Uterine position at real embryo transfer compared with mock embryo transfer
Authors: M.B. Henne; A.A. Milki
Source: Human Reproduction, Volume 19, Number 3, March 2004 , pp. 570-572(3)
Publisher: Oxford University Press
Abstract:BACKGROUND: The purpose of this study was to determine the consistency in the uterine position between mock and real embryo transfer. METHODS: We reviewed 996 consecutive embryo transfer cycles (585 patients); 74% of patients had an anteverted (AV) uterus and 26% had a retroverted (RV) uterus at mock embryo transfer. All mock and real embryo transfers were performed under abdominal ultrasound guidance. RESULTS: Of 623 fresh embryo transfers in patients with an AV uterus at mock embryo transfer, only 2% became RV, while 55% of 213 embryo transfers in patients with an RV uterus on mock embryo transfer converted to AV at real embryo transfer (P < 0.0001). For frozenthawed embryo transfer, 12% of AV uteri at mock embryo transfer became RV, while 33% of RV uteri became AV (P = 0.01). CONCLUSIONS: Our data suggest that an RV uterus at mock embryo transfer will often change position at real embryo transfer. Misdirecting the embryo transfer catheter can be avoided by accurate knowledge of the uterine position at the time of embryo transfer, which can be more accurately assessed by routine ultrasound guidance. Additionally, patients with an RV uterus at mock embryo transfer should still present with a full bladder for embryo transfer, since a significant number will convert to an AV position.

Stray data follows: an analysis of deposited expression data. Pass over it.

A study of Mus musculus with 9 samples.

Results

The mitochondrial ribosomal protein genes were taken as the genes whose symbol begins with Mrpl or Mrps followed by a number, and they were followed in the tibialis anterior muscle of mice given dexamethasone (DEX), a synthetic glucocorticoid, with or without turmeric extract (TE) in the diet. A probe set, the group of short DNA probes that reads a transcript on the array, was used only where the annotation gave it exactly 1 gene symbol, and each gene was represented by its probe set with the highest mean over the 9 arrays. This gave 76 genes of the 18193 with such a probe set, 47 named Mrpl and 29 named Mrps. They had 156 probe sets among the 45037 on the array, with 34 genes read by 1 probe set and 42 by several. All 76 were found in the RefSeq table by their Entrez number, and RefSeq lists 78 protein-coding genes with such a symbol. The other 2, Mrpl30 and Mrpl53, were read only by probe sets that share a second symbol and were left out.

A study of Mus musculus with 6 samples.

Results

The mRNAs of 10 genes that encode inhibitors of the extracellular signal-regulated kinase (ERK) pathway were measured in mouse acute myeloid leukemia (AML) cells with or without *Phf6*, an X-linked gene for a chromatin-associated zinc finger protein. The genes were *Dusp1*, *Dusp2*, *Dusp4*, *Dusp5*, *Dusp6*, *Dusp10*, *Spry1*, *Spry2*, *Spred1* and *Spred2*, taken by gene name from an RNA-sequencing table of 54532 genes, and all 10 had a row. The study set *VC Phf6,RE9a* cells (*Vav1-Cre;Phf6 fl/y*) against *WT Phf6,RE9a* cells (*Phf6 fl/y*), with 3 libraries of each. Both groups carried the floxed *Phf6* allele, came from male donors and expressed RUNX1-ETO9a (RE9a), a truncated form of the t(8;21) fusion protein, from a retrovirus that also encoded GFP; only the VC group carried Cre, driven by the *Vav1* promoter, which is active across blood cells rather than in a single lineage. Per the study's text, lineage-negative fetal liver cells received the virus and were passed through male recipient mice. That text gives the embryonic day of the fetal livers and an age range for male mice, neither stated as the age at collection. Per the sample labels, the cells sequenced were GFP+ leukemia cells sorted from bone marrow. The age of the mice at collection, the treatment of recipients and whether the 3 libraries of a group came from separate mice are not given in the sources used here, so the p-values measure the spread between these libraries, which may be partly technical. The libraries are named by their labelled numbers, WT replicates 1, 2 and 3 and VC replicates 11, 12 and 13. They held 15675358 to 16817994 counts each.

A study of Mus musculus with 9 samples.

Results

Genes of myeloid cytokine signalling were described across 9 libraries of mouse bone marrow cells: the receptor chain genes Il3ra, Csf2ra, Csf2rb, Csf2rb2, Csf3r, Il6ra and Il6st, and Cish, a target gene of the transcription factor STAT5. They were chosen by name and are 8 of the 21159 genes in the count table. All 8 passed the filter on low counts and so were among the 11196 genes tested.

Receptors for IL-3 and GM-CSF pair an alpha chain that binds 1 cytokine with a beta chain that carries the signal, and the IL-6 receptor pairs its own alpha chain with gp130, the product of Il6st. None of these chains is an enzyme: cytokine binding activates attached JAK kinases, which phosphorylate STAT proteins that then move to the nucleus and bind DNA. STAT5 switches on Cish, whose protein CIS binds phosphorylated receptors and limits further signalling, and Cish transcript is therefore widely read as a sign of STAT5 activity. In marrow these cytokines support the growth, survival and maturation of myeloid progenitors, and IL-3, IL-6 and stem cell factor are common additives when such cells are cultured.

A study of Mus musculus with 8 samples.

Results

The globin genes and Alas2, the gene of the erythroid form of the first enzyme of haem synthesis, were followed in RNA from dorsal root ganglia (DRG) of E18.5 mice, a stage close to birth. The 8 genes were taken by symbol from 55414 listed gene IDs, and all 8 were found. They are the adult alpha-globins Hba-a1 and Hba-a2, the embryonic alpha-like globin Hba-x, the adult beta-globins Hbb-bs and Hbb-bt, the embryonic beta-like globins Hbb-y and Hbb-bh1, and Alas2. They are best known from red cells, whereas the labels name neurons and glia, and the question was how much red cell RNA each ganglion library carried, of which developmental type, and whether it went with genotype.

Document Type: Research article
Publication date: 2004-03-01
- Human Reproduction features full-length, peer-reviewed papers reporting original research, clinical case histories, as well as opinions and debates on topical issues. Papers published cover the scientific and medical aspects of reproductive physiology and pathology, endocrinology, andrology, gonad function, gametogenesis, fertilization, embryo development, implantation, pregnancy, genetics, genetic diagnosis, oncology, infectious disease, surgery, contraception, infertility treatment, psychology, ethics and social issues. The highest scientific and editorial standard is maintained throughout the journal along with a rapid rate of publication.